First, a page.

In our household, we like it HOT. Especially when it comes to food. My partner has been a "chilihead" since before we met and he started converting me right after (not that I'm complaining). Indian dishes in particular are a staple in our lunch rotations and chicken vindaloo has been one of my favorites ever since I first tried it. I was surprised to learn however, that despite what pretty much every Indian restaurant I've been to have led me to believe, a vindaloo dish doesn't traditionally contain any potatoes! So here's a version without them (though I personally still prefer it with my favored starch).
- 500 g chicken (breast or thighs, both work)
- 30 ml oil (whichever you have on hand)
- 1 large white onion
- 500 ml tomato puree
- 250 ml chicken stock (or water with optional stock cube)
- 2 bay leaves
- 120 ml light-colored vinegar (e.g. white wine or apple cider)
- 5 garlic cloves
- 2 cm ginger
- 30 g light-brown sugar
- chili powder to taste (make it as hot or mild as you want)
- 1/2 tbsp sweet paprika powder
- 1/2 tbsp garam masala
- 1 tbsp coriander leaves
- 1/2 tbsp turmeric
- 1 tsp cumin
- 1 tsp cinnamon
- 7 g salt
rice (pictured is a mix of basmati and wild rice)
- Cut your chicken into bite-sized cubes.
- In a larger bowl mix together all marinade ingredients, then add the chicken to it. Cover the bowl, put in the fridge and allow to marinate at least two hours (up to overnight).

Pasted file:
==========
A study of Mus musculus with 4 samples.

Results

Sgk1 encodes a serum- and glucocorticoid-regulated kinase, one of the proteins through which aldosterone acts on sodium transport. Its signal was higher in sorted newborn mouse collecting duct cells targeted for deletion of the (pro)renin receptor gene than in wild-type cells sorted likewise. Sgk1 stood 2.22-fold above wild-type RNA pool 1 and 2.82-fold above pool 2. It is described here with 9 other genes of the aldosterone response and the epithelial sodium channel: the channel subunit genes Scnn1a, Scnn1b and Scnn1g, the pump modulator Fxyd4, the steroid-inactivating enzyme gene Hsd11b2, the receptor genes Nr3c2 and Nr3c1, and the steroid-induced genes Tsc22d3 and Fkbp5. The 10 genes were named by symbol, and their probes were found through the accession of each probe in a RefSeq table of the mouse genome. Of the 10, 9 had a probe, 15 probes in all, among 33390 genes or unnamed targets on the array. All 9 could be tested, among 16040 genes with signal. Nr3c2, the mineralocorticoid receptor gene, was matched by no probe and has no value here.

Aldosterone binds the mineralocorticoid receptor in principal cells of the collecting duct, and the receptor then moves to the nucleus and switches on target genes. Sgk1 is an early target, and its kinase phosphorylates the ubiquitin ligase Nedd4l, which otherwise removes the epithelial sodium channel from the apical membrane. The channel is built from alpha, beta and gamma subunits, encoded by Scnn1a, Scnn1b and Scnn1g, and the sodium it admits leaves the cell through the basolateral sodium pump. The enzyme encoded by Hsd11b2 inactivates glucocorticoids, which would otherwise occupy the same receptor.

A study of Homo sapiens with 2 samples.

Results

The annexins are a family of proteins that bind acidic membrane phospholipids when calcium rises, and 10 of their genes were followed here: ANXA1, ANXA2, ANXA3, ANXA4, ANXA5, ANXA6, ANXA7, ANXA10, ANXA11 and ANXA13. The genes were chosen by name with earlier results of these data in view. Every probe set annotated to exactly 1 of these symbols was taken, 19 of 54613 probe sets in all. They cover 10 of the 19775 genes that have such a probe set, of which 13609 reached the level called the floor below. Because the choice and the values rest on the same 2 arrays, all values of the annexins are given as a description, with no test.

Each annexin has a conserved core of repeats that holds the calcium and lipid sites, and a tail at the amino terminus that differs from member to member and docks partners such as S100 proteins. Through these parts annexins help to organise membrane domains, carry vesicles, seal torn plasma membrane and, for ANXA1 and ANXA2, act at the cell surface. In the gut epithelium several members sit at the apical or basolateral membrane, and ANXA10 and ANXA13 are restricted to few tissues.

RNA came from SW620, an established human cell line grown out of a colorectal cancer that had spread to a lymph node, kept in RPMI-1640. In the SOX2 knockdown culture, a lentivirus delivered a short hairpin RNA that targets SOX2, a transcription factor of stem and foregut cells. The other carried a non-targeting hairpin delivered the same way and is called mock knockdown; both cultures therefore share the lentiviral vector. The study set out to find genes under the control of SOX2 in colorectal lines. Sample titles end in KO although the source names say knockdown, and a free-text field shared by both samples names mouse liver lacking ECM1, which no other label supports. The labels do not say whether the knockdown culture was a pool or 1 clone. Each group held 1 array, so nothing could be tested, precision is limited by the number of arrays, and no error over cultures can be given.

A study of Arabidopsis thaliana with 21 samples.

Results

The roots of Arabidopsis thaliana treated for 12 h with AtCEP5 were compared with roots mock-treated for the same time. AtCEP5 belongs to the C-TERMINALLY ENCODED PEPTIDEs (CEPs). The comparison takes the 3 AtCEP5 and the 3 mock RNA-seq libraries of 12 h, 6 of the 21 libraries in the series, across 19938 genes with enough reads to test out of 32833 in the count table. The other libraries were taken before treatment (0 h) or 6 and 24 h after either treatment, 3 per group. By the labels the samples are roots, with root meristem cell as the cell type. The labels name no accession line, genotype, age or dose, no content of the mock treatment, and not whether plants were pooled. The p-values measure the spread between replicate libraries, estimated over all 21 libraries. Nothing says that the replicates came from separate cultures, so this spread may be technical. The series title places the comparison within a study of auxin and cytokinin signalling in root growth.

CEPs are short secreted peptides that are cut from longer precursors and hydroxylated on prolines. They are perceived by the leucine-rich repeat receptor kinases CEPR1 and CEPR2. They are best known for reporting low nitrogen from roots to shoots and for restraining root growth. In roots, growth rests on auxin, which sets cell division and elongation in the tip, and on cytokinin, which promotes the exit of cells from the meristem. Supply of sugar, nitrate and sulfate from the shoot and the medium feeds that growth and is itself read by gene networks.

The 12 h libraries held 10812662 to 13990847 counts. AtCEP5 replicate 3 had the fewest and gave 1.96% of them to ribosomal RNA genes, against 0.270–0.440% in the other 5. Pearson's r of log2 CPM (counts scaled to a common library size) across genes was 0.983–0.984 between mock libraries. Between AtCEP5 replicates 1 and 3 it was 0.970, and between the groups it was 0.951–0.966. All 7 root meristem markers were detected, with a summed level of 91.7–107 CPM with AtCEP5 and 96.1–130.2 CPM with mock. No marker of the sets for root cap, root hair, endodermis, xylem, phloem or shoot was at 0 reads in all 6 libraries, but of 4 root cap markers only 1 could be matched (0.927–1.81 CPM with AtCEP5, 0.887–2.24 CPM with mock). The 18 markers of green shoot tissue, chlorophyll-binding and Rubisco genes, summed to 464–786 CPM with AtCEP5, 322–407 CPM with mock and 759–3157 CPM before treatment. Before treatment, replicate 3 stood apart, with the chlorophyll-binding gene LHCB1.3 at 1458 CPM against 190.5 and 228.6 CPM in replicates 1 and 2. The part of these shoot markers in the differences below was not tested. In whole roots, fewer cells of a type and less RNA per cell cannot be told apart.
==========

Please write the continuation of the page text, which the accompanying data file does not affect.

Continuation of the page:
- Once ready to prepare, heat a wok or larger pot and add your oil of choice to it.
- Finely chop the onion and add it to the hot oil, cook it until translucent and keep stirring it, until it's soft and almost a bit mushy.
- At this point you should probably start cooking your rice as well (depends on the type of rice you chose, of course).
- Add the chicken and marinade into the pot and cook until the outsides of the chicken don't look pink anymore.
- Add the tomato puree, chicken stock (or water) and bay leaves to the pot, bring to a boil and let cook uncovered for about 20 minutes, or until sauce has thickened to your preferred consistency. The thicker the sauce becomes the more likely the chicken at the bottom of the pot is to burn, so make sure to stir it occasionally the longer you're cooking it for.
- Once the desired viscosity of the sauce has been achieved, plate the vindaloo up with the rice and sprinkle some freshly cut parsley on top, for an additional pop of flavor and color.
The type of rice you choose to serve with this dish is personal preference, but I suggest some kind of basmati or jasmin rice.